Irritable Bowel Syndrome
Irritable bowel syndrome (IBS) is a chronic, episodic intestinal disorder characterized by abdominal pain and altered bowel habits. It affects one in seven Americans, although most go undiagnosed. IBS can have a substantial impact on well-being and health, but doctors underestimate the impact the disease can have, particularly the pain and discomfort.
IBS is thought to be caused by a hypersensitivity of the lining of the colon. If you suffer from chronic irritable bowel–type symptoms, such as bloating, abdominal pain, and changes in bowel habits, ask your doctor about getting a formal evaluation for celiac disease. If you have celiac, then go on a strict gluten-free diet. If you do not have the disease, the current recommendation is to first try a healthier diet including more fruits, vegetables, whole grains, and beans, while avoiding processed foods. The reason people may feel better on a gluten-free diet—and therefore conclude they have a problem with gluten—is because they’ve stopped eating so much fast food and other processed junk. If you eat a deep-fried Twinkie and your stomach aches, it may not be the gluten.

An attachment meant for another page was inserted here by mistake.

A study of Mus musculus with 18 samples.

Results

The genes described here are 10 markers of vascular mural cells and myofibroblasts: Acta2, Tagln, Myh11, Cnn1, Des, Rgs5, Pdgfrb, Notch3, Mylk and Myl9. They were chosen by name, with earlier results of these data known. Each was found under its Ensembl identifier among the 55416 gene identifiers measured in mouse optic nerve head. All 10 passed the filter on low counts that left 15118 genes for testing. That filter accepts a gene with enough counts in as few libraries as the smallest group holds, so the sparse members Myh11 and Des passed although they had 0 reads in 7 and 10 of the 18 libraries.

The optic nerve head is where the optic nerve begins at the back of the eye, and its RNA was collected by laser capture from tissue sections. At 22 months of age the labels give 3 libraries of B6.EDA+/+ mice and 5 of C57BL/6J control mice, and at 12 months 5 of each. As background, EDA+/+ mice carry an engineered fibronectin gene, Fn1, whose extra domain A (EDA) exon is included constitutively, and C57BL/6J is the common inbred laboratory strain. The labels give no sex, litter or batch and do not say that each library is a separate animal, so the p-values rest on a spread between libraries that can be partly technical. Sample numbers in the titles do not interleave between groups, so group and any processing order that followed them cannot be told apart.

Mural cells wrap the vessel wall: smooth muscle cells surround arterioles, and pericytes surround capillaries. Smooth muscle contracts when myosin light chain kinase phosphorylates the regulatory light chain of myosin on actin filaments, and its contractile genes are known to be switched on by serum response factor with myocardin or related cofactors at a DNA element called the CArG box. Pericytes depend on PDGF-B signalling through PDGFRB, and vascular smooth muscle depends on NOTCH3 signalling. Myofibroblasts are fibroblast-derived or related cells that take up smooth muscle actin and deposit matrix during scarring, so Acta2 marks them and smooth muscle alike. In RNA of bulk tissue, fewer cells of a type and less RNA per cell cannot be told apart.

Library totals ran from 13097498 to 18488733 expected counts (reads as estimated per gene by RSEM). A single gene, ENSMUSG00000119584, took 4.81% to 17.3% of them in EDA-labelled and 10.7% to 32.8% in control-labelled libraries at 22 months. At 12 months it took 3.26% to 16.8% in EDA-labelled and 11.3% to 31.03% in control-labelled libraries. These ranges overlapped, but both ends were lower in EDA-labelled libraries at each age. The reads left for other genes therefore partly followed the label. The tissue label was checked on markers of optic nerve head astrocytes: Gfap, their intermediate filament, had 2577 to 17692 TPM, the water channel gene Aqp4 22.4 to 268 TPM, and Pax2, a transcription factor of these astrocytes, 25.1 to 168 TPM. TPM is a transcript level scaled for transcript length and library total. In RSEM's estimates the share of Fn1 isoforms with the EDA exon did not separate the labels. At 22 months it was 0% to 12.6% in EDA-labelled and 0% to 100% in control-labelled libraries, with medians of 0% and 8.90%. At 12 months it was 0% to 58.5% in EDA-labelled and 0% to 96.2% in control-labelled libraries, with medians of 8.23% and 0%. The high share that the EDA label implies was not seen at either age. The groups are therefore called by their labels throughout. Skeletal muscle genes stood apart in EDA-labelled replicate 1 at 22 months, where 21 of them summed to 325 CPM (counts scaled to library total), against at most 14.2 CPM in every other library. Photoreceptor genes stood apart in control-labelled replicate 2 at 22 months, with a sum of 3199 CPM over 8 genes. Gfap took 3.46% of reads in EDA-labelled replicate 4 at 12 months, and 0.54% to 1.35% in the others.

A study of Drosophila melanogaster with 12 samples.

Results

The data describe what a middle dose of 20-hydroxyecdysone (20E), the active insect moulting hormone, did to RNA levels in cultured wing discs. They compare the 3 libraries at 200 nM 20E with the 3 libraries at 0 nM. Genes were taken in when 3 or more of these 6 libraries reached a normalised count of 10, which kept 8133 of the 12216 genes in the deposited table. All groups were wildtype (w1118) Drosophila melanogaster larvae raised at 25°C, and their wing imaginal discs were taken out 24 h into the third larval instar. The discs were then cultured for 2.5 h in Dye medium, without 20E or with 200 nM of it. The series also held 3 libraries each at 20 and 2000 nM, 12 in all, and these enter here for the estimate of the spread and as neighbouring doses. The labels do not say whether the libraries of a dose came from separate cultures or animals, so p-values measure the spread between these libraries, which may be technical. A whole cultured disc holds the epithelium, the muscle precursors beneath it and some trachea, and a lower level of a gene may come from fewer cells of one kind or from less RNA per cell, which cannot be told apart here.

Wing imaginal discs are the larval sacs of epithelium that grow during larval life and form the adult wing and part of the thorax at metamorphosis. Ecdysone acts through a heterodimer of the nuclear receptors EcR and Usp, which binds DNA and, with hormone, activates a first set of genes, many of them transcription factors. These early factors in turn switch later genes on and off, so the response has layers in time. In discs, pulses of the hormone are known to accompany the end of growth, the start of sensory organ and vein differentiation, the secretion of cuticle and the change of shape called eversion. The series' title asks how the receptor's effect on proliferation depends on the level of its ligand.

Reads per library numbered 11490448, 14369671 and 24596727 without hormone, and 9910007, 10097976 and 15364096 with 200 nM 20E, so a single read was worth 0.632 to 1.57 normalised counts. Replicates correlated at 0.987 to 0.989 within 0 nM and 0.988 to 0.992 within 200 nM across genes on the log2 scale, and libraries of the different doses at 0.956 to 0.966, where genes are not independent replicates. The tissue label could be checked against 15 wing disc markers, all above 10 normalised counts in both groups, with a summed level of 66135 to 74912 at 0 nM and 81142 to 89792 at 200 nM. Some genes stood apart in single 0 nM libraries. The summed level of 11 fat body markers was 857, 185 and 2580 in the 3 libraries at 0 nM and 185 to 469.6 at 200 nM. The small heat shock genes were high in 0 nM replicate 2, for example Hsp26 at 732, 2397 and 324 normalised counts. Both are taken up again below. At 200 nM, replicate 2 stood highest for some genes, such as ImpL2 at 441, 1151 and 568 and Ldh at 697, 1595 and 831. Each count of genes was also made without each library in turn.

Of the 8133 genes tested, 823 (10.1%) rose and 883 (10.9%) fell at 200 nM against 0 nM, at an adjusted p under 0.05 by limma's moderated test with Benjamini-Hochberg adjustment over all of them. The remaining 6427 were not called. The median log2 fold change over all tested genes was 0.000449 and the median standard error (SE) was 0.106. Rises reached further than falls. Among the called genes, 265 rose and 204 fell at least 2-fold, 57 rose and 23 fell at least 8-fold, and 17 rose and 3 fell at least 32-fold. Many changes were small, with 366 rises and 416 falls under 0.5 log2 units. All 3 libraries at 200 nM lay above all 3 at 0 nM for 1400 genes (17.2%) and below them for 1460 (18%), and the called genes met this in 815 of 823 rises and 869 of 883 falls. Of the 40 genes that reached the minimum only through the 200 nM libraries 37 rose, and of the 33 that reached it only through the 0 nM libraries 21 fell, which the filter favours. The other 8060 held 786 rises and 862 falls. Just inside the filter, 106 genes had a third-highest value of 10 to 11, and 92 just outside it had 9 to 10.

If a more healthful diet doesn’t help, try to rule out other causes of chronic gastrointestinal distress. Researchers found that about one-third of people who avoid wheat and/or gluten don’t appear to have gluten sensitivity but, instead, have other conditions, like an overgrowth of bacteria in their small intestines, fructose- or lactose-intolerance, or a neuromuscular disorder like gastroparesis or pelvic floor dysfunction. Only after each of these is ruled out do I suggest people suffering from chronic, suspicious symptoms try a gluten-free diet.
A number of plant foods, such as peppermint oil, kiwi, ginger, cayenne pepper, have been found effective in the treatment of irritable bowel syndrome.
The information on this page has been compiled from Dr. Greger’s research. Sources for each video listed can be found by going to the video’s page and clicking on the Sources Cited tab. References may also be found at the back of his books.
Image Credit: The Clear Communication People / Flickr. This image has been modified.